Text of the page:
A client told me about this book because she thought it would help her develop new habits. That part of the book would fill all of ten pages and isn't a lot different from any other behavior mod based, productivity book. But it does include a fascinating deconstruction of a complex series of cues, cravings and rewards—what the author calls the Habit Loop. And what Madison Avenue has known since Pepsodent persuaded a nation (whose rotting teeth was considered, by the army, to be a national security risk) to actually look forward to brushing their teeth.
Here's how it works—an environmental cue prompts you to do something that has an outcome which includes a satisfying reward. Pretty standard Pavlov's dog stuff. However, further research has shown that the whole sequence, when repeated regularly, creates a craving so strong that the behavioral sequence could be classified as an addiction. This craving is what keeps the habit going whether the person wants to be doing it or not because it has become automatic.
The author, Charles Duhigg, a NYT journalist then pulls in lots of historical anecdotes from legendary corporate turnarounds, to legendary football team turnarounds to the genuinely legendary societal turnaround that resulted in the Civil Rights movement. There is something for everyone in this book that has anything remotely to do with changing habits so it is a good easy read and why it has all the makings of a best seller. The author has also been interviewed on NPR and can now command a speaking fee of $15,000. Not bad for a first book.
Here's how you change a habit. You study what environmental cues are prompting you to do the routine you are trying to change. Then you ask yourself if you really wanted to eat that cookie or if there was some other auxiliary reward that gave you a sense of satisfaction. Then you replace the cookie with something that is more appropriate to reap the same sense of satisfaction. This could turn out to be just a break in routine, or a walk down the hall to chat with a colleague instead of a walk to the cafeteria to find company. The trick is to link the new behavior with the old cue. You can also sandwich a new habit between two familiar habits to get it going.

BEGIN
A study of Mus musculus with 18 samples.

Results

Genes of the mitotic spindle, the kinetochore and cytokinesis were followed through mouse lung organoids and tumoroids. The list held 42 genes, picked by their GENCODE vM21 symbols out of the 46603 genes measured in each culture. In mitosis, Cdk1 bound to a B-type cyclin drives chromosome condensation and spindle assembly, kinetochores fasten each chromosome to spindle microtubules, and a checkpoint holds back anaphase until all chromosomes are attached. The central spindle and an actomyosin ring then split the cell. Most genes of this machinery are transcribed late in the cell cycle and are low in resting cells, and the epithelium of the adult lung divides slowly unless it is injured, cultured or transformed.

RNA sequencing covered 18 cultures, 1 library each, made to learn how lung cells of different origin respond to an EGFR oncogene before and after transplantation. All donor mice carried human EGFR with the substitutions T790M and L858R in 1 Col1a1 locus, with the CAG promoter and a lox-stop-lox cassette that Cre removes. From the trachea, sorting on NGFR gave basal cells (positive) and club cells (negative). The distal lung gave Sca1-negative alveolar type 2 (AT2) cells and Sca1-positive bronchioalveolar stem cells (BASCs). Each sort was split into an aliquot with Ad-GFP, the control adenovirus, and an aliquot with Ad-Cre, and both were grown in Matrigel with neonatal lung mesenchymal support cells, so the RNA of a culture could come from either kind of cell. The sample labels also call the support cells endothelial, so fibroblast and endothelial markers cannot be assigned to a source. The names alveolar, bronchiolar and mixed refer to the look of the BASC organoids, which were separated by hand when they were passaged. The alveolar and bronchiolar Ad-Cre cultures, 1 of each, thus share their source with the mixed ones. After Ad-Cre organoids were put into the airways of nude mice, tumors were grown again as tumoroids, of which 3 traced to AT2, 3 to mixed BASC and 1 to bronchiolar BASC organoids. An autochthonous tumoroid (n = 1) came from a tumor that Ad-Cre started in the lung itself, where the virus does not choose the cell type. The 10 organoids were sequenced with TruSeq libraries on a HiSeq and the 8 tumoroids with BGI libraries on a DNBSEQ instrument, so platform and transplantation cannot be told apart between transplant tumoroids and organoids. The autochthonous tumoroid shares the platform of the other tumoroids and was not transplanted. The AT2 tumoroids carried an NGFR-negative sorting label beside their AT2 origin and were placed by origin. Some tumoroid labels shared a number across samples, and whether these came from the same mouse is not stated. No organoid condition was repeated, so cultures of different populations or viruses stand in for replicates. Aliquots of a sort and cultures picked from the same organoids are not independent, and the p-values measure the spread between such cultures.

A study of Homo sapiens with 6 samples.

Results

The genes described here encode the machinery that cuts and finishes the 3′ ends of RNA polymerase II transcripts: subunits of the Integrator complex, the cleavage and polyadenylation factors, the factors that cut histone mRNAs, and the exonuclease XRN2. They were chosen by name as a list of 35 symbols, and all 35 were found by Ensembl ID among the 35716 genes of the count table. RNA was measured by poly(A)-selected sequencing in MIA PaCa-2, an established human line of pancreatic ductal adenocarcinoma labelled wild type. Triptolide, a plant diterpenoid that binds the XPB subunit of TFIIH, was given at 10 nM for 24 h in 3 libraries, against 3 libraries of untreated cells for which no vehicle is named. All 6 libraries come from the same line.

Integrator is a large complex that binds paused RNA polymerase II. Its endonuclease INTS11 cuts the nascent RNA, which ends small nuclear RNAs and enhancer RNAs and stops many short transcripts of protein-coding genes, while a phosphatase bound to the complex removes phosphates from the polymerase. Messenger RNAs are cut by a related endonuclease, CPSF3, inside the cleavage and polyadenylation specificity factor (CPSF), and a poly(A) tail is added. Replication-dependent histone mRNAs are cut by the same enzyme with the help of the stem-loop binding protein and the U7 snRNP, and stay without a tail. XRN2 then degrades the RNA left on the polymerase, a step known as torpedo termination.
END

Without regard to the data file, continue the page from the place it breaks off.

I have been doing some variation of this with my clients, for some time now, through my inquiry into their natural habits. I then redesign some piece of the sequence, whether it be the cue or the habit, to be more productive. And this is a very good reason to hire an organizer, worth their salt, because very few people realize what they are doing at this level of minutia.
As for the stories in the book. It was a fine thing for Pepsodent to so improve the nations dental health, but the amount of brain power, scientific study and redesign that went into making Febreeze into an essential home cleaning product just goes to show how intensely capitalism has degraded American civilization to sensory consumerism while filling the world with unnecessary chemical scents and ecologically immoral plastic bottles.
On the other hand, another company we love to hate—Starbucks—has implemented a training program to elevate the level of customer service that has in turn improved the mental self-discipline of young people to such a degree that they are to be commended for doing society such a service by rehabilitating what dysfunctional parenting and marginal schooling has produced.
The final anecdote of the book is an excellent analysis of the Rosa Parks story, but I would argue that it is not a story about habits at all, but is more about social networking and the weak vs strong ties theory that was used to criticque the relative worth of the internet that prompted me to read Clay Shirky's "Here Comes Everybody". The Rosa Parks story is the stuff of genuine social change, that shows that when provoked by outrage over treatment of a much loved person, a community will gel into action and risk their life for change. It is the power of a greater good.